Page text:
Looking Beyond Our Shopping Choices: Jackman-Atkinson

Looking Beyond Our Shopping Choices: Jackman-Atkinson

By Kate Jackman-Atkinson, Neepawa Banner & Press

Store - Advertising - Sale

A single consumer has little power, but consumers as a collective wield great power. Each day, individuals spend their money and in doing so, face choices. Sometimes, we don’t have much of a choice — if you want to purchase power, you must do so from Manitoba Hydro. But most of the time, we do.

Every day, customers decide which businesses they want to support and often, their decisions are based on a variety of hard factors, such as selection, convenience and price. But customers also make decisions based on their values: does the business support the things I care about? It can be choosing to support a local business because they sponsor or donate to organizations in your community, or it could be because a large company supports something you value, for example, sourcing agricultural products from Canada.

By now, most people are pretty familiar with the important role small businesses play in the local economy. I can tell you with 100 percent certainty that Amazon isn’t supporting the construction of your local hall or sponsoring local fairs and festivals. Local businesses are and for many, this factors into their spending decisions.

Numerous studies have documented the multiplier effect, that is, the amount of spin-off to the local economy for each dollar spent. For many consumers, keeping money in the local economy is important and figures show that between 13 and 65 percent of each dollar spent at a local business stays in that economy. The exact number is dependant on factors such as the type of business — retail or food services — and the type of ownership (franchise or independent). Regardless, for many customers, keeping some portion of their money within the local economy is important and helps guide their spending decisions.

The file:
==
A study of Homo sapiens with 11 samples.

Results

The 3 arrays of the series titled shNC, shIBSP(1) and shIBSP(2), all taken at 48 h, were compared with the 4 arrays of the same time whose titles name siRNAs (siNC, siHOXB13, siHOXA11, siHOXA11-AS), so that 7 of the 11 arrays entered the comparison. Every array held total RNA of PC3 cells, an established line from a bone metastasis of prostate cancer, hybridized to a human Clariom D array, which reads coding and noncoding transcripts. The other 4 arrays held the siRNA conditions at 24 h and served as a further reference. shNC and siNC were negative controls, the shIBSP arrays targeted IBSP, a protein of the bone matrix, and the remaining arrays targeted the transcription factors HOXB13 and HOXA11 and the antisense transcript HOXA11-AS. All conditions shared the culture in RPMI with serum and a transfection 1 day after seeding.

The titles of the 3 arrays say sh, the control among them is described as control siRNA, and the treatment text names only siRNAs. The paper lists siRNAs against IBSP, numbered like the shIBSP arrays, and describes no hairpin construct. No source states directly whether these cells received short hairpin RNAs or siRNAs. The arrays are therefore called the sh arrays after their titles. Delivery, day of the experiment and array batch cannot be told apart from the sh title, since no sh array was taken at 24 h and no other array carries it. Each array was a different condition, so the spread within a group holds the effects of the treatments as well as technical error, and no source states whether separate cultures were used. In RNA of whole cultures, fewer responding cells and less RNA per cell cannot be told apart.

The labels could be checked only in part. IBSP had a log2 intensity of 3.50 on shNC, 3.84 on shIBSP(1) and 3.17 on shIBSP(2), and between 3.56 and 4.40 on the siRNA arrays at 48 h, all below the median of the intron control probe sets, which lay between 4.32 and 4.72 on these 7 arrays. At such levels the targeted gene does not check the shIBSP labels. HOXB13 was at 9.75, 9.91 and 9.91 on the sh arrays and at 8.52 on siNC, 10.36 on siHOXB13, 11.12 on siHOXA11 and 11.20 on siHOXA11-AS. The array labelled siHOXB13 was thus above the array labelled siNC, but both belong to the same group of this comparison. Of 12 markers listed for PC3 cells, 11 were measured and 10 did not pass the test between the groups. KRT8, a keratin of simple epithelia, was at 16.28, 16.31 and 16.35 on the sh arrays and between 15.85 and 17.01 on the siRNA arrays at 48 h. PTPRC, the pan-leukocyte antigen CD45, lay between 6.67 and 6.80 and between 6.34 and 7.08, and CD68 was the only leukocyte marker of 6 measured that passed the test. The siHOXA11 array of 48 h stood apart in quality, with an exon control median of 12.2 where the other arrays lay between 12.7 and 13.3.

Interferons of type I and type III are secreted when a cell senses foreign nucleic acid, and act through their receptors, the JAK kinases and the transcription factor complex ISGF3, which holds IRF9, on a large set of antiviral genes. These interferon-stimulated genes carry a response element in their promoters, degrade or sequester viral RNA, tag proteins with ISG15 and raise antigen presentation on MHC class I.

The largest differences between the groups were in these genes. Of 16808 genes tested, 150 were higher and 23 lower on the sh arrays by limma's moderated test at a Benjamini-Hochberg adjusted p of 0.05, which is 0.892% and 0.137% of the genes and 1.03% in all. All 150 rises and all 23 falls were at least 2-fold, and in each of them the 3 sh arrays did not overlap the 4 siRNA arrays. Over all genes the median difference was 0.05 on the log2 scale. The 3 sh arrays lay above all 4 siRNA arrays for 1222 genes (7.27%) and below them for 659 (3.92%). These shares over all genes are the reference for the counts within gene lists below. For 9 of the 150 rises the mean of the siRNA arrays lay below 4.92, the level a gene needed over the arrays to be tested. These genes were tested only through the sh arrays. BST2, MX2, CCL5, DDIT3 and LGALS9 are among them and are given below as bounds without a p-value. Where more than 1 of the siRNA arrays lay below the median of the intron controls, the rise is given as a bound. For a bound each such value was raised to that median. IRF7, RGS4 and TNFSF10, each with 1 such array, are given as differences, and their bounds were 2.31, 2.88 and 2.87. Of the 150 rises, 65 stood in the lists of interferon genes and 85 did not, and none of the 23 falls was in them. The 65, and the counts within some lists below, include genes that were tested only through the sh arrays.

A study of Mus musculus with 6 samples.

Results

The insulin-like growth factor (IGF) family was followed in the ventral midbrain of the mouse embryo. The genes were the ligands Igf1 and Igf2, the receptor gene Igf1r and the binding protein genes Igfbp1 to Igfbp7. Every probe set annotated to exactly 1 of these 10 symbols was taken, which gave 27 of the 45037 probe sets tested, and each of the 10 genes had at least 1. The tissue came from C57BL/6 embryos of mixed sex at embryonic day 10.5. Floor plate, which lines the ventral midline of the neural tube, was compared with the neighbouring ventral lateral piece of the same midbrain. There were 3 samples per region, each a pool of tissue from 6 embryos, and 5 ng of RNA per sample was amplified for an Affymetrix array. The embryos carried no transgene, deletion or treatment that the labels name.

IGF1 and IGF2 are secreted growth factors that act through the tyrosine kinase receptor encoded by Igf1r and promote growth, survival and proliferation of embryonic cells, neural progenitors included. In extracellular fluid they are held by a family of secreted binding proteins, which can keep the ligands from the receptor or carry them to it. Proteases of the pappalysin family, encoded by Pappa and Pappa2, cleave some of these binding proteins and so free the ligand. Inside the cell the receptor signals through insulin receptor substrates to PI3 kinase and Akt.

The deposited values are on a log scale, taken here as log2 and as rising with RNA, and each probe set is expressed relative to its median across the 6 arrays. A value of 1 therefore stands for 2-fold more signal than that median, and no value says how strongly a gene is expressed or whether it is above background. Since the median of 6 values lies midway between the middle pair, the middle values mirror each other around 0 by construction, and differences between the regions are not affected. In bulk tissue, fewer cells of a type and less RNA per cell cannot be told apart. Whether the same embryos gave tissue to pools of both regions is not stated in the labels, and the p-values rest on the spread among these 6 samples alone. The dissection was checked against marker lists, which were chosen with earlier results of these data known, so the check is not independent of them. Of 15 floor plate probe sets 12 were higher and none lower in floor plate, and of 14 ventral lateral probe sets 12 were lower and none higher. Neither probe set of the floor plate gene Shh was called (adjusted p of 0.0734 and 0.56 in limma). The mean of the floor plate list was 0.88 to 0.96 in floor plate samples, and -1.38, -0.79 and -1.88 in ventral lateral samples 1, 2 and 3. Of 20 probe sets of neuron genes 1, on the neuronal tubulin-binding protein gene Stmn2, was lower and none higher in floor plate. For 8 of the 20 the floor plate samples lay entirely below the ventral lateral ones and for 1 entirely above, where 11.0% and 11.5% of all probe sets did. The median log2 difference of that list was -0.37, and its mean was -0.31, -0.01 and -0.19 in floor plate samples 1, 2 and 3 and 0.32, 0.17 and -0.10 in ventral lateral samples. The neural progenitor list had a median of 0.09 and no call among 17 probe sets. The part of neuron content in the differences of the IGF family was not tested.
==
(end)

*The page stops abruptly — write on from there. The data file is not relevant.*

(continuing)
That doesn’t mean that customers are only interested in the issues local to their communities or that large businesses can’t have an impact on small towns. Multinational chains can also support issues about which customers care. McDonald’s, for example, has partnered with Canadian cattle producers to source sustainable meat and also works with more than 100 Canadian suppliers. For many rural residents, where the agricultural sector is an important part of the local economy, this focus, which is also a large part of the company’s advertising, matters. It’s also a contrast to other chains, which have faced backlash from farmers over advertising that’s misleading in its message that Canadian products aren’t as safe or healthy as those from elsewhere.

There are many examples of customer feedback (or pressure) changing how a company does business. From changes in aspects such as how products are presented, purchased or consumed, to actual changes in the product itself, including formulation, the origin of source materials or the labour used to make it, customers want to feel good about how they spend their money.

Customers have more power than they think because, at the end of the day, they are crucial to a company’s success. Next time you open your wallet, remember that. Remember that each dollar helps build or tear down a community, each dollar tells a business what you as a consumer value, and what you don’t. Sometimes, as customers, we don’t have options, but oftentimes, we do.